N66U With Shibby 104 Build - WAN Speed GUI Limitation

Discussion in 'Tomato Firmware' started by jprez1980, Jan 21, 2013.

  1. jprez1980

    jprez1980 Serious Server Member


    Running 2 N66U's, both with the 104 build of Shibby's Tomato USB. I have one N66U upstairs (Router 1) connected behind the 2Wire RG (in the 2Wire's DMZ mode) and for all intents and purposes it is my router supplying internet wirelessly and wired.

    The other N66U is downstairs (router 2) suppling both wired and wireless connectivity there. Router 2 is connected to Router 1 via a Cat 6 - from the WAN port of Router 2 to a LAN port on Router 1. Inside the GUI of router 2 I have WAN disabled and bridged to BR0, DHCP disabled and the router is set to "Router" mode with a local LAN IP specified.

    The only issue or oddity that I see is that under Advanced -> Miscellaneous -> WAN Port Speed doesn't have a 1000 selection. There is an "auto" selection but given that 1000 isn't in the list it makes me wonder if it can't sense or support that speed.

    The N66U has both gigabit LAN and WAN ports - is there some limitation in TomatoUSB? The default ASUS firmware supports WAN gigabit and in my application it's needed so that the downstairs wired LAN traffic travels the same speed on it's wired connections to all the gigabit devices upstairs.

  2. radionerd

    radionerd Networkin' Nut Member

    Set speed to Auto, it will automatically do gigabit speed between the routers.
  3. Monk E. Boy

    Monk E. Boy Network Guru Member

    When the gigabit specification was originally established, "Auto" was the only official way to establish a gigabit connection.

    Lately I have seen some NICs that allow you to specify a 1Gb connection, however when testing them with somewhat older 1Gb switches the connection never actually gets established at any speed. I assumed that if the switch also hard-coded a 1Gb connection that they would work, but I wouldn't want to rely on that assumption without testing.

    IOW, just leave it at Auto and it'll negotiate 1Gb all by itself. Personally I'd rather tie your LAN ports together, but I'm running Toastman where the firmware defaults to a disabled DHCP server.
  4. jprez1980

    jprez1980 Serious Server Member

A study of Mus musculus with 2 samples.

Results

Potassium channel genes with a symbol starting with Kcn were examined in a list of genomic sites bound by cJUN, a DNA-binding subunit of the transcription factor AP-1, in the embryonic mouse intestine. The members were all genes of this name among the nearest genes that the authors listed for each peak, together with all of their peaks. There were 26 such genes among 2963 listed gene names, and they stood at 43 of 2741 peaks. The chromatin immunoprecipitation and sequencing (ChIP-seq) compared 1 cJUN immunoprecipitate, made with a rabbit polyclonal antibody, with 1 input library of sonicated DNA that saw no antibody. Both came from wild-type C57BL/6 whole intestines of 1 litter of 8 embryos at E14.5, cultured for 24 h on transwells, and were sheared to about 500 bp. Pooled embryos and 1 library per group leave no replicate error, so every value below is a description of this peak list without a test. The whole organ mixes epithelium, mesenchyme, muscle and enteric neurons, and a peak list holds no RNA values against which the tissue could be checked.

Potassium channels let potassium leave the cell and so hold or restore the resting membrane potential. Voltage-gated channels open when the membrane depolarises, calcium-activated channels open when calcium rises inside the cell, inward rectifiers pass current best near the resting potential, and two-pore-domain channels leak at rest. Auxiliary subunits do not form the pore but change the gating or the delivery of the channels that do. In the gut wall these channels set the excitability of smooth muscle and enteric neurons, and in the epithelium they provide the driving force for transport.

Thanks everyone!

    Monk E Boy:

    What did you mean by tying all the LAN ports together? If there is a better way to configure what I described above I'm all ears (or eyes)

  5. Monk E. Boy

    Monk E. Boy Network Guru Member

    With Toastman if the router's configuration gets blown away, the DHCP server doesn't get enabled. As a result if you tie a LAN port on your secondary router to a LAN port on another router, if the worst happens and the secondary router's configuration gets blown away, you won't have two DHCP servers on the same network. Any ethernet-connected devices on the secondary router will work seamlessly same as before, even though the router's now on a different subnet (assuming you wisely moved off the default 192.168.1.x subnet), because they can still talk LAN-to-LAN without going through the secondary router.

    If you tie WAN-to-LAN then any connected systems then need to be set on DHCP, renew their DHCP lease for the different subnet, and then - hopefully - punch through the secondary router's firewall to talk to devices on the first router. I say hopefully because it's undergoing a NAT transform and be subject to the default firewall rules. In addition if you don't change the subnet range, then the subnet in front of the secondary router will be the same as the subnet behind the secondary router, which means... no traffic will flow.
  6. Monk E. Boy

    Monk E. Boy Network Guru Member

    Er, just in case anyone else gets confused by the disconnect... because I wrote that and reading it just now it confused me.

    In the first paragraph I'm talking about why LAN-to-LAN with Toastman's firmware is a great idea, and inferring that it wouldn't be a good idea with Shibby or another build that defaults to DHCP server being enabled. You can do it, but it's fraught with problems (since two DHCP servers on the same LAN/WLAN would respond to every DHCP request). So yes, you should tie WAN to LAN with them.

    In the second paragraph I'm pointing out that if you use one of those other builds and tie WAN to LAN together as a failsafe mode for firmware corruption, you need to be sure to not keep the default (192.168.1.x) subnet since - if the secondary router gets wiped - you can't expect it to route packets from 192.168.1.x on LAN/WLAN to 192.168.1.x on WAN. And that your secondary router, the one connected via WAN, needs to have all devices using DHCP so they can flip over to the 192.168.1.x subnet in the event of failure.